By Cara Zarecor,
Max Milam, a life-long native of Humboldt, has been named interim director of the Gibson County E-911 Center. A week after the termination of former director Johanna Harrell, Milam was approved by the board to fill the vacant position.
Milam brings with him a wealth of experience in communications and dispatch service. In 2018, he retired from Tennessee Highway Patrol as communications coordinator in Jackson. In this position, he was over supervisors and dispatchers, engaged in outreach to local and state agencies, detailed emergency plans and operation transfers, conducted regular staff meetings and sought feedback from district captains to maintain a high performance of service to customers.
Prior to his role as communications coordinator, Milam had been a dispatch communications supervisor from 2003 to 2016 and before that, a District 8 dispatcher since 1985. Since 1988, he’s gone to 30 different training sessions, certifying him in telecommunications, system controls and all types of emergency situations.
As soon as he graduated high school he went to work for the Humboldt Police Department. He said, “This is the only kind of work I’ve ever known.”
During his last stint working for Tennessee Highway Patrol, Milam also worked part-time at Madison County Sheriff’s Department and just recently finished his last shift in order to take the interim director’s job in Gibson County.
“Retirement just wasn’t all it was cracked up to be,” he said.
A bachelor of only 55 with no children, Milam said that he went on a cruise and loved it, but then after that he wondered to himself, “What am I supposed to do now?”
He was honored when several citizens, various officers and eventually Gibson County E-911 Chairman James Fountain approached him about the position. Milam said that the board voted and chose him out of three applicants during their meeting on the evening of Oct. 14.
Milam said that he’d heard about the problems with the center, but only through what he’d read in the local newspapers and heard on local broadcast news.
The dispatchers are Milam’s immediate concern. Two of the dispatchers have “major experience,” he said, and the rest have only a year or less. He wants to get those dispatchers trained so they can properly carry out their duties.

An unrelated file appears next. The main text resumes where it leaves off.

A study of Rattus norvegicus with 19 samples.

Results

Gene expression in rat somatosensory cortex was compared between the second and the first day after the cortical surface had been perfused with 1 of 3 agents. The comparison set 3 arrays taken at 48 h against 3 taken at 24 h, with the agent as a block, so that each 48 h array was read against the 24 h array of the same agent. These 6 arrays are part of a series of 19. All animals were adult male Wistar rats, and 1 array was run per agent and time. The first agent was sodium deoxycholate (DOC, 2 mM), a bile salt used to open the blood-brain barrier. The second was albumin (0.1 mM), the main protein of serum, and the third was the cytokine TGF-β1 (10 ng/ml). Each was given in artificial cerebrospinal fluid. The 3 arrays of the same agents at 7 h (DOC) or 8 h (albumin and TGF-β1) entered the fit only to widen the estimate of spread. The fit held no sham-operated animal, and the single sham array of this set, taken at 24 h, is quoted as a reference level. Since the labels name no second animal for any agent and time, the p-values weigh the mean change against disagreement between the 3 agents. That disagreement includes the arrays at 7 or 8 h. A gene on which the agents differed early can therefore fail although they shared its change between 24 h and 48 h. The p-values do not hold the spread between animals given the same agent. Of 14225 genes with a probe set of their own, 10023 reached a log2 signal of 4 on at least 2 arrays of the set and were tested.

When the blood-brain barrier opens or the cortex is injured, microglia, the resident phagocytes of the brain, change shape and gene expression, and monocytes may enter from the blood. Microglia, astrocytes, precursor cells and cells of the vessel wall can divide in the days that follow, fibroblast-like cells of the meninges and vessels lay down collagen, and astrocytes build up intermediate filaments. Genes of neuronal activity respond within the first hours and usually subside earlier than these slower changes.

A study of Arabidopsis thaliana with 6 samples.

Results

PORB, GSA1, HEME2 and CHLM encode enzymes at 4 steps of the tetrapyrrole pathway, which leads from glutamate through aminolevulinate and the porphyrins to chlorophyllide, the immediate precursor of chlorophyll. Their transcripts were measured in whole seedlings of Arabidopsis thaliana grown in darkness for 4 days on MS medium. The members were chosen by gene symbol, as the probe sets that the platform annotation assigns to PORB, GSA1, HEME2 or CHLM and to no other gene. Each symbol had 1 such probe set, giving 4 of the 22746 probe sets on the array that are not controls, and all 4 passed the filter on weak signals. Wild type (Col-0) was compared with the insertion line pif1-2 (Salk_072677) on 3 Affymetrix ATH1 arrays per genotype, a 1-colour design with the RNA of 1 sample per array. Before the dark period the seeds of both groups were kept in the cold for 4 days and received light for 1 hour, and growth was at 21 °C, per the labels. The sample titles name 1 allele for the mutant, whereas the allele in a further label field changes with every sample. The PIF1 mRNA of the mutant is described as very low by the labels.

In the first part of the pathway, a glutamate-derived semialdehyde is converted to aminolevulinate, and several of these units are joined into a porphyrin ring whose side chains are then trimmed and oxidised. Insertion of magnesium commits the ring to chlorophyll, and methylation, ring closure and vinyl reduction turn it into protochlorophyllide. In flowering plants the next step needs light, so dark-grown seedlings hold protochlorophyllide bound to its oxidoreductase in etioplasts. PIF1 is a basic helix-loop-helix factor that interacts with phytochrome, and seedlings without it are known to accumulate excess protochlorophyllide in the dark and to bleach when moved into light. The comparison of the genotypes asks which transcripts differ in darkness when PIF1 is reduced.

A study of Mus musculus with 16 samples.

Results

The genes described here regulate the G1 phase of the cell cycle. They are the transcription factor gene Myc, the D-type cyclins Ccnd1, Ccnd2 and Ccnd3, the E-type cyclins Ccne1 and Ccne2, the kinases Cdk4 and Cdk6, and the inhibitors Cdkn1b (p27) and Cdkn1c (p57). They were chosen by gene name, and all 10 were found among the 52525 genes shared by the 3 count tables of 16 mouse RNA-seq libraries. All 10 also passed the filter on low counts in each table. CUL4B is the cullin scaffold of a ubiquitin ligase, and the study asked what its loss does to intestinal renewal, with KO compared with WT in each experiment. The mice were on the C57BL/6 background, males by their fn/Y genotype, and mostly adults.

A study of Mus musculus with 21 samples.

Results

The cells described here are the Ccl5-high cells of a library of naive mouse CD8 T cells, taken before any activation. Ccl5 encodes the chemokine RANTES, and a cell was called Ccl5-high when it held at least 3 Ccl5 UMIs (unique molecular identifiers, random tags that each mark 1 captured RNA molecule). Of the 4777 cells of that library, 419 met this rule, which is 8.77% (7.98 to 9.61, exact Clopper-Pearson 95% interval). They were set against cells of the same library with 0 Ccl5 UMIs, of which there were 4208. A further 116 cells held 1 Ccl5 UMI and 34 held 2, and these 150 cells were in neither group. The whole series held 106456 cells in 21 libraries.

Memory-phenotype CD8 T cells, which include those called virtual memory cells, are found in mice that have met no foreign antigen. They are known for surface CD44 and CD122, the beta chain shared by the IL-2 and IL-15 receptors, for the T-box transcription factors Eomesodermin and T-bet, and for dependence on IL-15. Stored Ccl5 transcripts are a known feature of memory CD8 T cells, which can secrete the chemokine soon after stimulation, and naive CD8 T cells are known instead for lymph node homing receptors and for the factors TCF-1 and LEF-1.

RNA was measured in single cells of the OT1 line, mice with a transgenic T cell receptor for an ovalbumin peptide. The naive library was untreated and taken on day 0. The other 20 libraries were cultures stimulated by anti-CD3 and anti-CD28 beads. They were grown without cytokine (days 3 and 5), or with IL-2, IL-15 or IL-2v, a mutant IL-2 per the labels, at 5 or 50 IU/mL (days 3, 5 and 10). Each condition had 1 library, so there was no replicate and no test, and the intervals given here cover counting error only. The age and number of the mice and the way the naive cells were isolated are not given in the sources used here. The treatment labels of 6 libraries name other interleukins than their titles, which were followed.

“Dispatching is a big multitasking job,” he said. “A dispatcher may be on a call, on the radio and also paging someone out. I want to teach the dispatchers how to prioritize these tasks and also explain the ‘whys’ of priorities. This will give them more credibility.”
When asked about the current morale of his staff, Milam said, “Under the circumstances, it’s good. I want to meet with each dispatcher individually and talk with them to get their concerns and ideas. I hope we can collaborate some of those ideas and come out with something outstanding. I think they’re already starting to feel comfortable with me.”
Milam added that he wants the employees to adopt a “family attitude” with each other and with all the agencies and departments they serve. Further, he wants these agencies and departments to feel as though they’ve been deeply served by the center every time they pick up the phone.
“I also want to make sure that every first responder gets home safely,” he said.
Milam recalled asking his mother for a scanner once when he was a child.
“And she bought it for me,” he said.
He credits his mother for his values and being taught to genuinely care about all people. At the tender age of seven, he lost his father and older brother in a plane crash. His mother was left to raise him and two other children as a widow. Just last month, Milam laid his mother to rest after tending to her for the past 14 years.
“There was not a finer person,” he said of her.
Milam affirmed that he would take a proposal to stay on permanently into consideration should the opportunity present itself.